Panic Attackers!


PURPOSE: The American Psychological Association has identified anxiety as the leading mental health issue in the United States. College freshmen are particularly susceptible to anxiety but, ironically, these stressors appear during a developmental stage when students may be less physiologically prepared to mitigate the effects of stress. Incoming classmen who are less able to cope with new stressors may make poor decisions that affect their academic standing. Consequently, we developed a game to teach incoming students about the various types of anxiety and several appropriate therapies. Game-based learning affords opportunities for practice, just-in-time learning, and feedback that traditional teaching methods lack. It was predicted that game-based teaching methods would lead to improved retention compared to text-based instructional methods.

METHODS: 68 volunteers were recruited from the York College Research Subject Pool after providing informed consent. A majority of the volunteers were 18-year-old freshmen from a broad distribution of ethnicities. Subjects were randomly placed in either an experimental or control group. Subjects in the experimental group played a game with game mechanics that were designed to reinforce learning, and subjects in the control group were exposed to the game materials but not the game mechanics. Subjects received course credit for participation. All research was conducted in accordance with the CUNY Institutional Review Board. Subjects in the experimental condition played a competitive card game. Cards were used to represent 8 major types of anxiety and 12 therapies. All content was modeled from the Problem Effectiveness Chart in the Anxiety and Phobia Workbook (Bourne, J., 2010). Cards defined an anxiety or therapy, and therapy cards possessed information about which anxieties they related to. Cards also possessed icons that represented their value or cost in the game. Treasure and Sanity Cards were used as resources in the game to be spent and earned, respectively. All subjects were given a blank version of the Problem Effectiveness Chart to complete as a post-treatment assessment. Subjects in the experimental condition played the game for approximately 40 minutes. Subjects in the control condition studied the cards for 15 minutes, which was an estimate of the time experimental subjects actually spent studying the content on the cards. The rules of the game follow:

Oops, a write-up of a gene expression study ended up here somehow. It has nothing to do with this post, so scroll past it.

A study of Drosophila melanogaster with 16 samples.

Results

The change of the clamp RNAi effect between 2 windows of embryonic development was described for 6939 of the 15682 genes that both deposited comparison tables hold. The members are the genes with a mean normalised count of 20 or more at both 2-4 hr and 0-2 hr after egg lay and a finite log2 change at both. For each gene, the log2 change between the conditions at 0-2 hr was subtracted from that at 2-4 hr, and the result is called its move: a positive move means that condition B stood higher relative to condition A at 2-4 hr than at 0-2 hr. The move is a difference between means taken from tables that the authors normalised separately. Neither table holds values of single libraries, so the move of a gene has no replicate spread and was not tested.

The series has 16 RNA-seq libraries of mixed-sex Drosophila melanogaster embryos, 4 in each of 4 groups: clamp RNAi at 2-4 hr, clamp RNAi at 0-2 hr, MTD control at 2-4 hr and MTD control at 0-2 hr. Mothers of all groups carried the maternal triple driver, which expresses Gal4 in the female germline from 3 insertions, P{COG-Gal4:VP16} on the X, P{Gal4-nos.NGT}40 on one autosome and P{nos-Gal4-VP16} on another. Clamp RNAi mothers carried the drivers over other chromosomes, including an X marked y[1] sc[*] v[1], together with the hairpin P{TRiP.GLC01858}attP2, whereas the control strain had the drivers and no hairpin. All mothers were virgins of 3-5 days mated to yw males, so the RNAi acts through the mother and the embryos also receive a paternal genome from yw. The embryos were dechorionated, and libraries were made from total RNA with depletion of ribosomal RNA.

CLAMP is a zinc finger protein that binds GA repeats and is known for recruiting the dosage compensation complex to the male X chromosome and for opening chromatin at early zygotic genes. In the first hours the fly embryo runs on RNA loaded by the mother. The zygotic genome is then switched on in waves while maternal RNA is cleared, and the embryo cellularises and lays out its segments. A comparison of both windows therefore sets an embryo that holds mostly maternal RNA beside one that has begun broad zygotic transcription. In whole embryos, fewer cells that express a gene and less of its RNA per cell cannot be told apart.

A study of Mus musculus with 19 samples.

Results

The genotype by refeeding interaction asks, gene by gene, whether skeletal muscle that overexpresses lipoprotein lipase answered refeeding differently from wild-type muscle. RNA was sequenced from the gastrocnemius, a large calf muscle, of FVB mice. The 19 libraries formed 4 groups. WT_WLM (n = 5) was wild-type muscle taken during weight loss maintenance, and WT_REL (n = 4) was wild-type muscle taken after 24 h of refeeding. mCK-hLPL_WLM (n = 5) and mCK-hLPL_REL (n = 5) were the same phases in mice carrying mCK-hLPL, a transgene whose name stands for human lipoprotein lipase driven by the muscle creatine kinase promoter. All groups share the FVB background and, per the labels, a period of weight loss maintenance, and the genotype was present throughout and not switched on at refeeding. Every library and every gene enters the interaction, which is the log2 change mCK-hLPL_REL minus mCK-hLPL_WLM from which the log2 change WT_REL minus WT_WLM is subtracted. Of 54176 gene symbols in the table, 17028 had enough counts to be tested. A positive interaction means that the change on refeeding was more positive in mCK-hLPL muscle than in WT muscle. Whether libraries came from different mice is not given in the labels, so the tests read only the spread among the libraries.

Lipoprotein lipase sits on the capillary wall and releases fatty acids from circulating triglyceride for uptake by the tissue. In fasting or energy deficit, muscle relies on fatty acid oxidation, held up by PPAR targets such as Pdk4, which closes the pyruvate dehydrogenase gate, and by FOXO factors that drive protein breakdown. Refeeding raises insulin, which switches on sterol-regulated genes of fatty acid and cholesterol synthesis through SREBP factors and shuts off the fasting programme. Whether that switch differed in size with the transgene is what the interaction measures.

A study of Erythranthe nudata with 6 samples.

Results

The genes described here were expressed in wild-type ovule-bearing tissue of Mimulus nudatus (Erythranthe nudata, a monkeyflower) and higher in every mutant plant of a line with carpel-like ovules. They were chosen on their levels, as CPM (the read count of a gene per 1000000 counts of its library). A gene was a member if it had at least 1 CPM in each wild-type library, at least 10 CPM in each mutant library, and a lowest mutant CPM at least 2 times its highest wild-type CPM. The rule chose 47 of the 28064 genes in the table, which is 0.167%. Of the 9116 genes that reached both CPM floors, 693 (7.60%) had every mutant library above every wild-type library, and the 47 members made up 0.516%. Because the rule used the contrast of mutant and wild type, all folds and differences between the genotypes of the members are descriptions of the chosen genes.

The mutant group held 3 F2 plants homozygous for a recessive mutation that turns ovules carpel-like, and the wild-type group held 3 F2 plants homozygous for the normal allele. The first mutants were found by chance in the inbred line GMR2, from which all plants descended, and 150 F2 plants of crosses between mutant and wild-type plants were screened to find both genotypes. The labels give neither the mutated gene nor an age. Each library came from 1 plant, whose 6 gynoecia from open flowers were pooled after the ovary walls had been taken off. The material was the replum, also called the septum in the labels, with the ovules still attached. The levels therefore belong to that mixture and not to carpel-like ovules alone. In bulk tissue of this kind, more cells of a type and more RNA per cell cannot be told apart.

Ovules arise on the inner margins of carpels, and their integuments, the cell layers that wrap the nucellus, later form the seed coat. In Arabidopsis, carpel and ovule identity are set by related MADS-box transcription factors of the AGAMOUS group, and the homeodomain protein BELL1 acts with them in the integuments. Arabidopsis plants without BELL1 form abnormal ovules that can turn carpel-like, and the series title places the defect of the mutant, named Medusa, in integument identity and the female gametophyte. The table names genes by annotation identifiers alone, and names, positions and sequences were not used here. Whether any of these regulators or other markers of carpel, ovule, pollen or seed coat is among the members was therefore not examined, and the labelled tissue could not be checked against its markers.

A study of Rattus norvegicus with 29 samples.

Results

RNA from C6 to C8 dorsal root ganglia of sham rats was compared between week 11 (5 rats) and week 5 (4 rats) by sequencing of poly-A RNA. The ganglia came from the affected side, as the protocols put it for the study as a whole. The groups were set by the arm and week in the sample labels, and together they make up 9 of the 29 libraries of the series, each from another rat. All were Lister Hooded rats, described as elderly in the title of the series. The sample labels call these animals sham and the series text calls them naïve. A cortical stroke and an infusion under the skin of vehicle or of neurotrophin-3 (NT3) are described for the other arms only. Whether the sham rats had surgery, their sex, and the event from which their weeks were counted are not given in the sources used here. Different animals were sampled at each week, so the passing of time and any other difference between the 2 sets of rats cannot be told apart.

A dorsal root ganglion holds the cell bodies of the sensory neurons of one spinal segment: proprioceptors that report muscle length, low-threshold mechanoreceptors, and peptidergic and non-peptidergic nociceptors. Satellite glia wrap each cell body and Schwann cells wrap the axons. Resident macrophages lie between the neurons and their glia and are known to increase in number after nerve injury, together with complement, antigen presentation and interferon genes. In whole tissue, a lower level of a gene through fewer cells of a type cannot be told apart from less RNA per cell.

• Game Objective: "Life is full of challenges, and sometimes those challenges bring stress and anxiety! In this two-player card game, you will do battle with your opponent using Anxiety Cards and Therapy Cards. When a challenger presents you with an Anxiety Card, you must choose the proper Therapy Card to protect yourself from anxiety. If you defend yourself, you win a card. If you don't, you loose a card. The player with the most Action Cards at the end of the hour wins!"
  • Round of Play: Roll the die to see who goes first. Each turn has an Action Phase, a Buy Phase, and a Clean-Up Phase. Just remember A-B-C!
  • Action Phase: Draw 5 cards from your deck. If you run out of cards, flip your discard pile to form a new deck. Players can play one Anxiety Card or Therapy Card. When a player lays down an Anxiety Card, the opposing player must defend against the attack by laying down an appropriate Therapy Card. If you successfully defend, place both cards face up onto your discard pile. If you do not defend, forfeit one card from your hand to the attacker's discard pile.
  • Buy Phase: Players can buy 1 Attack or Therapy card from the piles using the Treasure Cards in their hand. Purchased cards are placed face up on the player's discard pile.
  • Clean-Up Phase: All cards in your hand and play area go face up into a discard pile.
  • Ending the Game: The game ends at the end of the hour. The one with the most Action Cards wins!

REFERENCES: Bourne, E.J. (2010). The Anxiety and Phobia Workbook (5th Ed). Oakland, CA: New Harbinger Publications, Inc.